An actual text I received yesterday:
So maybe I’m an asshole, but I find this so gross and self serving. Community facebook groups where people post about their good deeds. Like what ever happened to just doing nice things and NOT broadcasting it?
I think if you’re anywhere online, you’ve probably noticed this. People buying coffee for the next person in line, helping someone in need, cleaning a neighbour’s sidewalk, whatever…then telling everyone about it. The acts themselves, laudable, but the brag-posting and the selfie-taking as proof to the whole wide world that they’ve been done, cringe-worthy.
My friend backed it up with screenshots of Facebook posts just begging for praise. One even included someone’s dashboard cam video while they paid for an order behind them in a drive through, complete with, “well, that wasn’t much, womp womp” commentary. (“I am SO generous, Facebook, that I would have been more satisfied with spending A LOT MORE on that person’s order.”)
Even before I got this text, I’d been contemplating the same theme in relation to my December motto to spread good cheer. While I knew that I wanted to do it, I struggled with how I could prove that I did and/or if I had to. Posting my daily deeds seemed icky, so maybe a monthly recap? My purpose wasn’t to seek acknowledgement, but to reap the personal satisfaction of doing my best to share the spirit of the season. I wanted to flex my kindness muscle, not flaunt it.
We aren’t the only ones, I suppose. This behaviour is being modelled by celebrities and brands almost constantly. A recent example I can think of is seeing the founder of Tom’s on The Tonight Show, announcing that his company would make a significant donation toward ending gun violence. In the monkey see, monkey do culture we live in, perhaps it’s to be expected, but it seems an ugly side of humanity to me. And $5 million dollars is a bigger deal than a coffee and perhaps it deserves some publicity, though, at its root, it’s still gross. I mean, they could donate the money without taking the opportunity to inspire people to support the brand because of it…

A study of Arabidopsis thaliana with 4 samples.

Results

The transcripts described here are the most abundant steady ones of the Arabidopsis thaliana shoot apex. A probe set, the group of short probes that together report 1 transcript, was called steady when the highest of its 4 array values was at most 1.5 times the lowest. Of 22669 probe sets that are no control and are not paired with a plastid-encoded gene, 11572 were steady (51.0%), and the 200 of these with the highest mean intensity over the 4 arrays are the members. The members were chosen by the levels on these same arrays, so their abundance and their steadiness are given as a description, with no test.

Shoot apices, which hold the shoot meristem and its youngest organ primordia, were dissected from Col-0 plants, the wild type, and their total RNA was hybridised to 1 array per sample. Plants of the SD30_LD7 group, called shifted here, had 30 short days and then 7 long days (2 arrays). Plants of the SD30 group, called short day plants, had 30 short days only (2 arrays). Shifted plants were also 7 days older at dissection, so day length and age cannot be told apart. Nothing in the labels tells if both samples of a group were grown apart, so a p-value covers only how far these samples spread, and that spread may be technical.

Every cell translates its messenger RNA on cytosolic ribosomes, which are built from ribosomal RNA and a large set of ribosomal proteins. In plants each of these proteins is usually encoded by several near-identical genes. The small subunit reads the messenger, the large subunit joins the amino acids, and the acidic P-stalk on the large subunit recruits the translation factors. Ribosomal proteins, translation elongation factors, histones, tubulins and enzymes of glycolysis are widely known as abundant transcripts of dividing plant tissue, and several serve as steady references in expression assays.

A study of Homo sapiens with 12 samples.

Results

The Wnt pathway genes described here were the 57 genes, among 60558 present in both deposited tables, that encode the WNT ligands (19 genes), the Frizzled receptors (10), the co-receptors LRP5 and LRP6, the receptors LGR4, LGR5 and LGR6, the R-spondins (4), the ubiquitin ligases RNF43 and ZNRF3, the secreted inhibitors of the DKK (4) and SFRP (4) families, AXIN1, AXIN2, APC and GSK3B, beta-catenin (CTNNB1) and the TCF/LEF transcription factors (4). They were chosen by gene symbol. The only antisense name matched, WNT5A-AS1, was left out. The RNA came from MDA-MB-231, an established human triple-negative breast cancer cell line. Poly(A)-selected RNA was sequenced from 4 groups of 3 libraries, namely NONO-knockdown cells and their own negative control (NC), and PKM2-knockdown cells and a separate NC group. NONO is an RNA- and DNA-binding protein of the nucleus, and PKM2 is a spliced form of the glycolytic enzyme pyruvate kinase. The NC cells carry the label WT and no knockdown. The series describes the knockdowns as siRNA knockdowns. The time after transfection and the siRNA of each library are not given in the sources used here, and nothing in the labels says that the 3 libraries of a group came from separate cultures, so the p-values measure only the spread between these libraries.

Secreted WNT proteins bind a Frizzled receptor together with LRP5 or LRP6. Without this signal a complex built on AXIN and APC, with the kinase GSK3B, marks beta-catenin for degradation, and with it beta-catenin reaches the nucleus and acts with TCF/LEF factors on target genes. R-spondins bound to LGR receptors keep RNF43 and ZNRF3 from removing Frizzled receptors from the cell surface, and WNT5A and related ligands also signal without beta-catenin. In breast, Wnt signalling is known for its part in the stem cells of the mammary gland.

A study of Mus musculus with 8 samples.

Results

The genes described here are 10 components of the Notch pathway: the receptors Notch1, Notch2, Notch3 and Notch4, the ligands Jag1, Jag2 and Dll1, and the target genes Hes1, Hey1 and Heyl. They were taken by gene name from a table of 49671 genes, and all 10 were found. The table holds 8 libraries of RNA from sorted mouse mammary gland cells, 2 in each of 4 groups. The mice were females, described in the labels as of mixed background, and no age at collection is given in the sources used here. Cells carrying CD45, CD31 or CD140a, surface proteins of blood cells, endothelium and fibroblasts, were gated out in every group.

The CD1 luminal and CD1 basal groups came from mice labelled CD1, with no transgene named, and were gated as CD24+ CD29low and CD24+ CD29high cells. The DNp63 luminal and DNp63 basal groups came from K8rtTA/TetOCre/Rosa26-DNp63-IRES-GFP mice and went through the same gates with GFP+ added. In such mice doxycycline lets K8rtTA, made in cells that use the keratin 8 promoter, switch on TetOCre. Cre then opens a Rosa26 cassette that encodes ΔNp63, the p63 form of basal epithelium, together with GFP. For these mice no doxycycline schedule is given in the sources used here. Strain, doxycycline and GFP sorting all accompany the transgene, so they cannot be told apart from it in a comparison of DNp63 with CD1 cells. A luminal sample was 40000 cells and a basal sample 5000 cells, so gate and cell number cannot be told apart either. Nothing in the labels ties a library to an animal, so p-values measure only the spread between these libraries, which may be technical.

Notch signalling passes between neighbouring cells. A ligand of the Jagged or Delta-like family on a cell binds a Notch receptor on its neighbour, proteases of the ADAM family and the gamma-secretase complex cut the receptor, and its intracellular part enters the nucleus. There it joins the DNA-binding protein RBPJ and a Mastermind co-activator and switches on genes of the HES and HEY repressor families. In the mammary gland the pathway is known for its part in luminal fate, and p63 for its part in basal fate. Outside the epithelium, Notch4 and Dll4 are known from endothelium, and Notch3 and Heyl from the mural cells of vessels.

The one benefit, of course, is that it could set an example for others to do the same. Maybe it sparks an idea in someone, maybe it inspires a recipient to pay it forward or an onlooker to mimic the behaviour towards someone else. Surely, we do see enough need in the world and encounter enough examples to give back if we were interested in doing so. So, what’s the benefit of making sure everyone knows that you did something nice? Why does it matter if strangers and acquaintances know you thought of someone other than yourself for once?
Why does the need to be acknowledged for doing something charitable supersede the satisfaction of serving another human being? Does a meal served to a homeless person not nourish if nobody sees that you’ve done it? Can you exemplify kindness without telling others about it? If you’re someone who does broadcast their good deeds, enlighten me. I’d love to understand what I’m missing.